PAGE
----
November 3, Thursday, at 19.00 Moscow time. Registration link.
Russian universities started the 2022/23 academic year in a difficult situation. Many faculty members, researchers and students left the country due to the anti-war stance and mobilization. The war was preceded by years of attempts to close or control the country’s best universities in the social sciences and humanities. Their students and professors prevented the transformation of Putin’s authoritarian regime into a dictatorship. Many faculty members left the HSE, and the student movement there was actually banned. The criminal case against the rector of Shaninka Sergey Zuev has been going on for more than a year (accreditation was taken away from this university in 2018). The license was revoked twice from the European University in St. Petersburg.
The heaviest blow fell on the Faculty of Liberal Arts and Sciences of St. Petersburg State University (Smolny College). In 2021, a few months after the plans to create a separate university on the basis of Smolny were publicly announced, the Russian authorities recognized Bard College as an “undesirable organization”, with which Smolny had been developing the liberal arts program since 1997 (where, as in Shaninka, students received double degrees). The Russian authorities considered that the program with a suspicious name is carried out by Smolny with the help of foreign NGOs affiliated with George Soros and conducting destructive activities on the territory of the Russian Federation.
In recent months, several faculty were fired from Smolny – Denis Skopin (for an “immoral act” – participation in a rally against mobilization), Michael Fries (for past connections with Bard College), political scientist Pavel Kononenko, sociologist Zhanna Chernova, philosopher Viktor Kaplun; Acting Dean, economist Danila Raskov was dismissed for “allowing extremism”. The enrollment of students for the current program will be closed. Starting next year, the university plans to change the curriculum: there will no longer be freedom of choice in it, and this season will most likely be the last for Smolny. Faculty members who have left the country are not allowed to teach remotely. The dismissals of professors caused a wave of student solidarity.
The dismantling of Smolny, Russian academic emigration of 2022 and support by Bard College allowed a group of Smolny faculty members who were forced to leave Russia due to the war of aggression unleashed by Russia to launch the Smolny Beyond Borders (SBB) educational initiative. The SBB now offers several courses and public lectures that are an attempt at a social and humanitarian understanding of the war. In the Spring of 2023, the program is planned to be expanded.
Why do Russian universities find relocation programs so difficult? Will Smolny be able to become the first institution that, to some extent, was able to transfer its activities abroad? Is a “Russian university in exile” possible in our time?
Discussion will be held in Russian.
Participants of the Smolny Beyond Borders project participate in the discussion:
— Ilya Kalinin, cultural historian, philologist, critic, editor-in-chief of the magazine “Versus. Journal of Liberal Arts and Sciences”, visiting scholar at Princeton University;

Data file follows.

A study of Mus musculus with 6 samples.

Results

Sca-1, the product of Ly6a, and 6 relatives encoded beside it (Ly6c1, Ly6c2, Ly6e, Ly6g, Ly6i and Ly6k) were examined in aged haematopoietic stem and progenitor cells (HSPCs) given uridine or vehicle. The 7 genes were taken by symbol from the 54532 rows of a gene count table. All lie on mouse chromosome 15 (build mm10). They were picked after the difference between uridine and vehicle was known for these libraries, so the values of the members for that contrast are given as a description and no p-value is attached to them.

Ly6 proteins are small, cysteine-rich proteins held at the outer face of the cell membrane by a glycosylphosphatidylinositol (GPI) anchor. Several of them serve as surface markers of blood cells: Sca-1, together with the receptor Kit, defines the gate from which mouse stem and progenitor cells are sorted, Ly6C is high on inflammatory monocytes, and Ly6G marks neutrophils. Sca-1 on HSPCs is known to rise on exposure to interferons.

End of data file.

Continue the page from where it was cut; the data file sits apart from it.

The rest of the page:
— Vsevolod Ostapenko, economist, former associate professor at Smolny and at the Department of Economics of St. Petersburg State University and visiting lecturer at the Higher School of Economics, author of the course “War Shocks and Economic development” within the SBB project;
— Andrey Rodin, lecturer at the University of Lorraine in Nancy, mathematician and philosopher-epistemologist; author of the course “Science and War” within the SBB project;
— Natalia Fedorova, artist, researcher in the history and philosophy of technology, visiting researcher at Paris 8 University; author of the course “War and the Decay of Language” within the SBB project;
— Philipp Fedchin, art historian, educational technologist, head of the Gagarin Center, employee of Bard College Berlin, SBB administrator.
— Zhanna Chernova, sociologist, Doctor of Social Sciences, Professor, Faculty of Sociology, EUSP.
Boris Grozovsky, columnist, author of the EventsAndTexts telegram channel.
The conversation is organized by the telegram channel “About The Country And The World”. The broadcast and video recording of the conversation will be available on the About The Country And The World YouTube channel.
Materials for the conversation:
Philip Fedchin. Who and what will the online courses of former Smolny faculty members teach (in Russian).
Daria Kozlova. Free sciences of a non-free country. How in St. Petersburg the authorities are killing Smolny College, and students are trying to protect their professors (in Russian).
Denis Skopin. “Peaceful protest cannot be immoral.” The philosopher fired from Smolny is about protest, the destruction of science and morality (in Russian).
Boris Grozovsky. Cross, shorts, university. Why there are no liberal freedoms now even at the Higher School of Economics (June 2019, in Russian).
Boris Grozovsky. Malignant education. How and why the Kremlin cracked down on universities (July 2022, in Russian).
Boris Grozovsky. The final battle between patriotism and knowledge. Education will become a haven for patriots (February 2017, in Russian).